The lawyer battling with the Burmese judiciary

The lawyer battling with the Burmese judiciary

Robert Sann Aung, a former political prisoner, is known in Burma as the lawyer who champions lost causes. Yangon, 13 November 2015.

(Guillaume Pajot / Pierre Fourdin)

Robert Sann Aung receives visits in the middle of drying laundry and heaps of files. Dishes are piled up in the kitchen sink. The lawyer, one of the most famous in Burma (officially known as Myanmar), uses this cluttered apartment as an office.

Since the very start of his career, Robert Sann Aung, aged 63, has been working to defend human rights. Everyone in Burma is familiar with his mop of dark hair and his piercing gaze.

The lawyer always presents visitors with his business card. It reads: “Six-time former political prisoner.” Robert Sann Aung has spent several years in the jails of the Burmese military junta, and from 1993 to 2012 he was disbarred.

His clients have often suffered the same prison conditions and deprivations of liberty as him. They include journalists, farmers whose land has been expropriated, students battling against the army and police. He defends them all pro bono. “I don’t ask them to pay. Most of the activists in Burma are poor,” he explains to Equal Times.

Robert Sann Aung has defended over a thousand cases, including 300 political. He earns a living from his criminal cases.

His vocation dates back to his childhood and was inspired by his uncle, a judge, who he greatly admired and would question at length.

His law studies led him towards trade unionism and activism in the universities in turmoil. In 1988, amidst the student protests lethally repressed by the Ne Win dictatorship, the young lawyer spoke out strongly in favour of the rule of law. And he intends to keep up the fight.

The sixty-something year old works tirelessly, assisted by a dozen or so apprentices. When files have to be examined until late into the night, they sleep at their mentor’s apartment. “I’m very happy to work with him,” says one of the young assistants. “It’s not always easy, but we learn a great deal.”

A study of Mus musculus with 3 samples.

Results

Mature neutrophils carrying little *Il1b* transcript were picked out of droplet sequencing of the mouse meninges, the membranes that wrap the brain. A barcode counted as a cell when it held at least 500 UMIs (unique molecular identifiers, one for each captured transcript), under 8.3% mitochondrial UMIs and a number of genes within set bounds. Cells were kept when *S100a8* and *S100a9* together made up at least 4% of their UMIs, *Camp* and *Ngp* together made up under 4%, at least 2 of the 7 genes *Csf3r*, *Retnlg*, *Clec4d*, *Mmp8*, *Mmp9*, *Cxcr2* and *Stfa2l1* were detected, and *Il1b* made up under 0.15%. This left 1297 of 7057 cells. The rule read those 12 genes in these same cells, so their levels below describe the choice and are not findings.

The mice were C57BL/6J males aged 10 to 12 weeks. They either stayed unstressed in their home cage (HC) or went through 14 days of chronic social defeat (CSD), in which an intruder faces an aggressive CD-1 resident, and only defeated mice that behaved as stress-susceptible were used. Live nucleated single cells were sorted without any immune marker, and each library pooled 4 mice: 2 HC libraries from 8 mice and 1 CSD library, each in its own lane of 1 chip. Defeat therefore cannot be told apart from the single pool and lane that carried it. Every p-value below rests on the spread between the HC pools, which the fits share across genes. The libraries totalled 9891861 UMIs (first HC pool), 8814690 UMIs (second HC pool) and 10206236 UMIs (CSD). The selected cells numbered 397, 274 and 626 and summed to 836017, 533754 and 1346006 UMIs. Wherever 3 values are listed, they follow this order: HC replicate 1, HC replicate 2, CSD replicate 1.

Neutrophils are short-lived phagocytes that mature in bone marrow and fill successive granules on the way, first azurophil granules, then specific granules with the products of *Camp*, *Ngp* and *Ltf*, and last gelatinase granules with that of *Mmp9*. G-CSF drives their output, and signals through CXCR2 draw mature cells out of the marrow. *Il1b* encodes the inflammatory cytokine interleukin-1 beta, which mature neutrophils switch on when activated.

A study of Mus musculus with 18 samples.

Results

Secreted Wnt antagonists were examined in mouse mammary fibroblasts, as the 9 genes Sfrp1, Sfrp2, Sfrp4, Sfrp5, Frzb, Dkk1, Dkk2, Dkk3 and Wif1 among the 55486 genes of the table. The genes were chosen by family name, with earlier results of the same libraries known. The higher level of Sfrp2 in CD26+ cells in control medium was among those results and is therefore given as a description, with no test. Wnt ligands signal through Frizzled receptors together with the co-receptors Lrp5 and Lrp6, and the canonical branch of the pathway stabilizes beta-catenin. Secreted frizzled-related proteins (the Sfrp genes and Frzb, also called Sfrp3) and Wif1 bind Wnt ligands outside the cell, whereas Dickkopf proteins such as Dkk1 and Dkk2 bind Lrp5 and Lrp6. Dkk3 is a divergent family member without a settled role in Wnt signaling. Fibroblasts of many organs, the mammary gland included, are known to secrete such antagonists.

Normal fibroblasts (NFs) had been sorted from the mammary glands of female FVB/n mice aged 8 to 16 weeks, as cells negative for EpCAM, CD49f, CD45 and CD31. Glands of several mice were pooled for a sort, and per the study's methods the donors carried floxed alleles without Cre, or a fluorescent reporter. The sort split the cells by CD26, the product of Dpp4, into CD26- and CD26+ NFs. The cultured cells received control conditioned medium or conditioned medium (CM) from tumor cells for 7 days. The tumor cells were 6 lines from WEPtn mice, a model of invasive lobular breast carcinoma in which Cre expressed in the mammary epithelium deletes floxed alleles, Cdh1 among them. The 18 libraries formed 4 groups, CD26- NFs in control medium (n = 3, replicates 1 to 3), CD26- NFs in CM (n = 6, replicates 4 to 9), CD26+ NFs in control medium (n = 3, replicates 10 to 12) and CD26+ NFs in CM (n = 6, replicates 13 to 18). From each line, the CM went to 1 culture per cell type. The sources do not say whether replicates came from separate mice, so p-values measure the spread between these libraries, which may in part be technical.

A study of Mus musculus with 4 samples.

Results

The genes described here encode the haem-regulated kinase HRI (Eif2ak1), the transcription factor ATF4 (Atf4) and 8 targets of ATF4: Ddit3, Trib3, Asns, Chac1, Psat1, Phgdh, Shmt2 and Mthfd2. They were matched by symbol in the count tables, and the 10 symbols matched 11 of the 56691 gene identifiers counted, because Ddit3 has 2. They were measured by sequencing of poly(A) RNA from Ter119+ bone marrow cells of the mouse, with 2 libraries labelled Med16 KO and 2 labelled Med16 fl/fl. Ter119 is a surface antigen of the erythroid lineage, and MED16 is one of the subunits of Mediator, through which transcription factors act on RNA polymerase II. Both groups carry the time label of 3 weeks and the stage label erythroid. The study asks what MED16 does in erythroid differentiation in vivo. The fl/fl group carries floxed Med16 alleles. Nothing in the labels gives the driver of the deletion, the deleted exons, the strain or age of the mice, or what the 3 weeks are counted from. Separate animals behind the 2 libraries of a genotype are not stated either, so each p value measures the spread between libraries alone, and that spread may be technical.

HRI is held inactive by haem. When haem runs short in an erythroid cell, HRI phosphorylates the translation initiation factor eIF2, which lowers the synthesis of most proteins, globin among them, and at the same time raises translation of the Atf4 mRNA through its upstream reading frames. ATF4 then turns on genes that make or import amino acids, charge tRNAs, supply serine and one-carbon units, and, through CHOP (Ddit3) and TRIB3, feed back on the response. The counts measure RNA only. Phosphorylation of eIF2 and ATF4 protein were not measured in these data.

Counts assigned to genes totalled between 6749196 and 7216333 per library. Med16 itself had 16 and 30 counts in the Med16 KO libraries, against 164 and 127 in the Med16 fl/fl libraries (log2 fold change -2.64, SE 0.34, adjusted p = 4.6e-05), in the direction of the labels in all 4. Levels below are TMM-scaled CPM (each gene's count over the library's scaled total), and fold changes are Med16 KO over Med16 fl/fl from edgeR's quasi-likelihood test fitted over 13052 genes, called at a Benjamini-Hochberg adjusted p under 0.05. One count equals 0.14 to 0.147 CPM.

Perverted justice

Robert Sann Aung is a lawyer who champions lost causes. He pleads all cases unflaggingly, regardless of their chances of success. He recently defended journalists from the Unity weekly news journal who had been jailed over an article about an alleged chemical weapons factory, as well as the students arrested in 2015 for demonstrating against an education bill. He also defended Gambira, a former monk and leader of the 2007 “Saffron Revolution”, who has been arrested on several occasions in recent years.

The two men met in prison. “Robert Sann Aung’s help was invaluable,” says Marie Siochana, Gambira’s wife. “I’m sure he did the best he could in particularly difficult circumstances, but the judicial procedure was a total disgrace. ’Corrupt’ would probably be the most fitting term.”

Despite the coming to power, in 2016, of the National League for Democracy (NLD), the party of the historic opposition leader Aung San Suu Kyi, the Burmese judicial system remains unreformed and under the army’s control.

Decades of military dictatorship have perverted its workings. Incompetence, intimidation, bribery…the damage is immense. Any attempt to fix it, moreover, could be blocked by the army. The military still holds considerable power in Burma. It appoints the Ministers of Home Affairs, Border Affairs and Defence and retains 25 per cent of the seats in parliament, giving it a blocking minority.

Burma continues to jail citizens for dissent. A simple Facebook status can be enough to land its author in prison. This is what happened to poet Maung Saungkha. In October 2015, he posted a poem with a verse that reads: “On my manhood rests tattooed a portrait of Mr President.”

The young man, aged 23 at the time, was prosecuted for defamation. Robert Sann Aung continued to defend him until he was finally released from prison. The poet, nonetheless, is under no illusion about the state of the Burmese judiciary. “Robert Sann Aung may well be clever and intelligent, but there’s nothing he can do against a destitute and corrupt judiciary.” Maung Saungkha is in regular contact with his lawyer, who gives him legal advice.

“Deep down, I feel I am an activist and a lawyer at the same time. They are both ways of protecting people. Defending human rights is my way of being politically active,” says Robert Sann Aung, who faces constant intimidation in the form of threats made by telephone or through Facebook.

“Very few lawyers in Burma have the courage to take on sensitive political cases, given the threats, harassment and other types of reprisals. But that doesn’t frighten Robert,” Laura Haigh, Amnesty International’s Burma researcher, tells Equal Times.

“No case is too sensitive or too difficult for him.”

Human rights defenders are under constant threat in Burma. On 29 January 2017, Ko Ni, a Muslim lawyer known for his stance in favour of religious tolerance and a legal advisor to Aung San Suu Kyi, was assassinated on his way out of Rangoon (officially renamed Yangon) airport.

Despite the dangers, Robert Sann Aung sees no end to his fight: “I will not retire until there are no more human rights abuses here. You know, even in a very civilised country like the United States, there are still many human rights violations, so there’s not much risk of me stopping work. Perhaps I’ll go into retirement when I’m 90. But there’s no certainty even of that.”


This story has been translated from French.